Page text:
Risk & Compliance

SEC Amendments Respond to Sarbanes 409

New rules for 8-K filings require companies to disclose material information on a ''rapid and current basis.''
Stephen TaubMarch 15, 2004

The Securities and Exchange Commission has approved long-awaited new requirements for 8-K filings, in response to Section 409 of the Sarbanes-Oxley Act.

The amendments add 10 disclosure items that would trigger an 8-K filing, including two items now required in quarterly and annual reports.

In addition, companies will have four business days to file Form 8-K, compared with the current five business days or 15 calendar days. When the SEC first proposed the amendments in April 2002, it had hoped to require that Form 8-K be filed within two business days for most provisions.

The eight new disclosure items include:

  • Entry into a material non-ordinary course agreement
  • Termination of a material non-ordinary course agreement
  • Creation of a material direct financial obligation or a material obligation under an off-balance-sheet arrangement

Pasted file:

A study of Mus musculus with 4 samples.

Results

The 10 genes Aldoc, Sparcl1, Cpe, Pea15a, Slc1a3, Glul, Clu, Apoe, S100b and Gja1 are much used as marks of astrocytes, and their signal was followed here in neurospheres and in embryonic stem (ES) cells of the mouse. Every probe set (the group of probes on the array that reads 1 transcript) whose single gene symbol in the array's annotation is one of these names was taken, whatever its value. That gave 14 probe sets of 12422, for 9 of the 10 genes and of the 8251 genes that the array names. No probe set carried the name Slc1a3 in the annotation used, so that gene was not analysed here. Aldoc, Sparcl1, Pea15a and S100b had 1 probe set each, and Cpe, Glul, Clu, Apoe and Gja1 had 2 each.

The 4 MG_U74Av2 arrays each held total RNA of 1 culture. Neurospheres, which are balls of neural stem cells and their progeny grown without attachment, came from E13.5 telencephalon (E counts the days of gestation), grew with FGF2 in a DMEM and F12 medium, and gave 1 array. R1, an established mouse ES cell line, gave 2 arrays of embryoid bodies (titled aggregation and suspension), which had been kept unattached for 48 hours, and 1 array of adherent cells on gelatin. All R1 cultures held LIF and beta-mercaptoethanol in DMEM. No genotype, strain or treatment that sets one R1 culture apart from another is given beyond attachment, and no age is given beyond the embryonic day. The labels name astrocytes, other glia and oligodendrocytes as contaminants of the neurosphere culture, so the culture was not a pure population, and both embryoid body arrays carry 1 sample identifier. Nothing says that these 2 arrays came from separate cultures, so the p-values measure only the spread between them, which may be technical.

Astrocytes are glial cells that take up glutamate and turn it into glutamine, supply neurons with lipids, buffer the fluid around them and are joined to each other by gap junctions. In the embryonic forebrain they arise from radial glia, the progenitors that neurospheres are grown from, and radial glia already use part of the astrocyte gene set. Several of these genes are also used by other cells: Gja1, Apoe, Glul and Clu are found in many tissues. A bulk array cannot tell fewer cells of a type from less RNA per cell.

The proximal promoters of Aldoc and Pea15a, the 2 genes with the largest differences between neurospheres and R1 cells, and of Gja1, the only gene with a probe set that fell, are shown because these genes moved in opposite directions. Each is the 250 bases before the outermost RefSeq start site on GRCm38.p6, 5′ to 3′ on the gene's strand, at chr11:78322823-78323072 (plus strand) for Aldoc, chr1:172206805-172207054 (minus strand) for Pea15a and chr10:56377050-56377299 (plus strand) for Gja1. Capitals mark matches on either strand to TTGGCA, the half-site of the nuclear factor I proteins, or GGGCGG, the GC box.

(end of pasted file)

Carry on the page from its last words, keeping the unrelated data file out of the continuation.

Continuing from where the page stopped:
• Triggering events that accelerate or increase a material direct financial obligation or a material obligation under an off-balance-sheet arrangement
  • Material costs associated with exit or disposal activities
  • Material impairments
  • Notice of delisting or failure to satisfy a continued listing rule or standard; transfer of listing
  • Non-reliance on previously issued financial statements or a related audit report or completed interim review (that is, restatements)

The two disclosure items transferred, in part, from the quarterly or annual reports are unregistered sales of equity securities and material modifications to rights of security holders.

The SEC also identified two expanded disclosure items: the departure of directors or principal officers, election of directors, or appointment of principal officers; and amendments to articles of incorporation or bylaws, and a change in fiscal year.

The amendments go into effect beginning August 23, 2004.